Is a Transvaginal Ultrasound Dangerous?

QUESTION

I am 37 years old, 4 weeks pregnant, and have scheduled my first appointment with my OBGYN who will only see me at 6 weeks. I was told that my doctor will do a urine test and a transvaginal ultrasound at this first appointment to confirm the pregnancy and take a measurement. I have heard from a very trustworthy source to avoid this ultrasound because of the dangers of miscarriage, and to wait until the end of the first trimester to have any ultrasound.

I am quite healthy but because of my age I'm feeling very careful and obviously want to minimize any risks of miscarriage. What are the dangers of an ultrasound on the fetus? Do you recommend to your patients that they minimize if possible the amount of ultrasounds they have throughout a pregnancy?

ANSWER

I do recommend minimizing ultrasounds during pregnancy. That said, if there is a major question about when the child was conceived, a first trimester ultrasound is the gold standard for dating.

Once a woman is about 7-8 weeks along, that can be done abdominally, and as long as everything seems okay before that, that is soon enough to date the pregnancy. For planned out-of-hospital birth, I also recommend an ultrasound about 20 weeks to verify that the anatomy is all as it should be, because we would rather not be out of the hospital if something is going on that can be corrected if specialized help is immediately available.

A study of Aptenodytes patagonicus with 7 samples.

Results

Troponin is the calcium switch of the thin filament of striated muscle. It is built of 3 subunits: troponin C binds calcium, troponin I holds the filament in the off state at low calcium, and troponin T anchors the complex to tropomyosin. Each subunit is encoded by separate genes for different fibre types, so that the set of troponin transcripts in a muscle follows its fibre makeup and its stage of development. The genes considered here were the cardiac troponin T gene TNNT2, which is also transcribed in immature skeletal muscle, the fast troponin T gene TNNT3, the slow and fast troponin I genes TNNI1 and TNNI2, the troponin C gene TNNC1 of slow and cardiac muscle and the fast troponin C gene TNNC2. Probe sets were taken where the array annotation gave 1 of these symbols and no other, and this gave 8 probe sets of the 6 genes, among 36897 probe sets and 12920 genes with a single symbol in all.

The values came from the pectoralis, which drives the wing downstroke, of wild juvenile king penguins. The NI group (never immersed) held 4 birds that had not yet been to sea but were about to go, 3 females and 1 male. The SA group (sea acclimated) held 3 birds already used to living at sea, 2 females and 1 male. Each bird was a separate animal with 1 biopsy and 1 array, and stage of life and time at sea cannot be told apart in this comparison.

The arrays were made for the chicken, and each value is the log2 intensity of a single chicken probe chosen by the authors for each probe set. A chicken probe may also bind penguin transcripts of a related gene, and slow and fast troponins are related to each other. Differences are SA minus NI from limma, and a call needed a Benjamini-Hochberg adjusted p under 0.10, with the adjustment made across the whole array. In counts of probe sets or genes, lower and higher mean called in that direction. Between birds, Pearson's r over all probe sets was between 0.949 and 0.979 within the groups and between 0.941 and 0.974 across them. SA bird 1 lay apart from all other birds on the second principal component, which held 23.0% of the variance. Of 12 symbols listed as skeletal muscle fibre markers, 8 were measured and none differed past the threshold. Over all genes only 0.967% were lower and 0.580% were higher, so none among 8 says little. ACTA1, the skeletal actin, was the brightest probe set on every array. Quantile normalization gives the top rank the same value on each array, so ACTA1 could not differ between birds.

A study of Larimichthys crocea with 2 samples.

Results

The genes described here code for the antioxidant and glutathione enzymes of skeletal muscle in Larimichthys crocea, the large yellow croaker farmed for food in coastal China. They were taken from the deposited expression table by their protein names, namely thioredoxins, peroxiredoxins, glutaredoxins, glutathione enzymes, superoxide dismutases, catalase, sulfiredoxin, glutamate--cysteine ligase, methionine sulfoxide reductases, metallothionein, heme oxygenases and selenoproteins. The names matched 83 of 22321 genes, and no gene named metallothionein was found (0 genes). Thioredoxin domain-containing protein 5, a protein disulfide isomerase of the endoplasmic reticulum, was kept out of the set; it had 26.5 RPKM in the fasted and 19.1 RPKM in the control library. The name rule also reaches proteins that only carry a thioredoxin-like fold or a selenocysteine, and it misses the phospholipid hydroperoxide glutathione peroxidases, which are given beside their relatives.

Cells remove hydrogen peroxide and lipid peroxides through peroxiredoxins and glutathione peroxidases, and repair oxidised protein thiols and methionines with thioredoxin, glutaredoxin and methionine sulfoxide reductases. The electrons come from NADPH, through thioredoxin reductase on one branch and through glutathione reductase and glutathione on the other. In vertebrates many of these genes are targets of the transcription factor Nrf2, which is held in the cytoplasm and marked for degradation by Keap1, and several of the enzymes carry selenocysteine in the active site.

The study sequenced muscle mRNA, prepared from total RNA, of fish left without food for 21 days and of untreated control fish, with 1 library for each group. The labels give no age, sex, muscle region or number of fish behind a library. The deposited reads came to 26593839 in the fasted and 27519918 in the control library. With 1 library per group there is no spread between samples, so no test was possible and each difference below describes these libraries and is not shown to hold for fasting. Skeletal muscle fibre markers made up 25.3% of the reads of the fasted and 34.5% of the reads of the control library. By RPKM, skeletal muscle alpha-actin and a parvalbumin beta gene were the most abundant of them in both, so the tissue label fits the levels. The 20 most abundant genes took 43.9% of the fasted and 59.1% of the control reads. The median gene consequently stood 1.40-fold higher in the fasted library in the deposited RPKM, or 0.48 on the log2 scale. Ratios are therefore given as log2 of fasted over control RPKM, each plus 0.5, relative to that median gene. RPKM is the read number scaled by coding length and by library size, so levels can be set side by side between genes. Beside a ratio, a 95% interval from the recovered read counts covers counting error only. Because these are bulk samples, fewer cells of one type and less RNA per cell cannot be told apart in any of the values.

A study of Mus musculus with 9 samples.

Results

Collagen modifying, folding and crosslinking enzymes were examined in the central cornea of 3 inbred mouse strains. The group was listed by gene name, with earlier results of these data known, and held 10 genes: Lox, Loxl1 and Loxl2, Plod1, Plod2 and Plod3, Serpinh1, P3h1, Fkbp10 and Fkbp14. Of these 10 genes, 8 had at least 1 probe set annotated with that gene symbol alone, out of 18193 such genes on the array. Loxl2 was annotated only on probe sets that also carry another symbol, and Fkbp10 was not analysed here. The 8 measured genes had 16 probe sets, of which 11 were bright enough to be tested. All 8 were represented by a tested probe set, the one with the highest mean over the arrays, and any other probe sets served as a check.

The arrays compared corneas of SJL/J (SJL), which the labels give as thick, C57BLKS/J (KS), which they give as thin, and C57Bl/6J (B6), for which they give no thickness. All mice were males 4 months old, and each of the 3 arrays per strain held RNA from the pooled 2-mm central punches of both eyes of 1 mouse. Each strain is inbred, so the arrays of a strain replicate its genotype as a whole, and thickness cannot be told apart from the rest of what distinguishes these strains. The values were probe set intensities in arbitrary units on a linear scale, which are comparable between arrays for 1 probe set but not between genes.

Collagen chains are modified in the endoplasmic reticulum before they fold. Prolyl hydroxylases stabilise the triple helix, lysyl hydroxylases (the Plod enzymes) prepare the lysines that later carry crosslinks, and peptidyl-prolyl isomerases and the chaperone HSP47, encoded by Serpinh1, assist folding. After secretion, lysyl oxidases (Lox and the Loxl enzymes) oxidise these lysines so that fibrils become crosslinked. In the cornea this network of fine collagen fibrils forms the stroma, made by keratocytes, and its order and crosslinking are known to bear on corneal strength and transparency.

On the other hand, for a woman with good dates who is planning a hospital birth, it is totally up to the woman whether or not she has any ultrasound at all unless there is a clear medical need to find out what is going on. Just my opinion. :-)
~Cynthia

Comments

TVUs

I think unless you need one, they are really not necessary. As always though, check with your doctor and always ask questions!

Cynthia Flynn

Cynthia Flynn, CNM. PhD, is the General Director of the Family Health and Birth Center which provides prenatal, birth, postnatal, gynecological and primary health care to underserved women and their families in Washington, D.C. Recently Cynthia served as Associate Professor of Nursing at Seattle University. There she not only taught, but remained in full scope clinical midwifery practice at Valley Medical Center where she cared for pregnant and birthing women, and practices well-woman gynecology, family planning, and treatment of sexually transmitted diseases.

Cynthia founded Columbia Women's Clinic and Birth Center, where she took care of pregnant women and infants up to two weeks of age and attended both birth center and hospital births. Before Cynthia earned her CNM, she worked as a registered nurse in labor and delivery and postpartum and is a certified Doula and Doula trainer.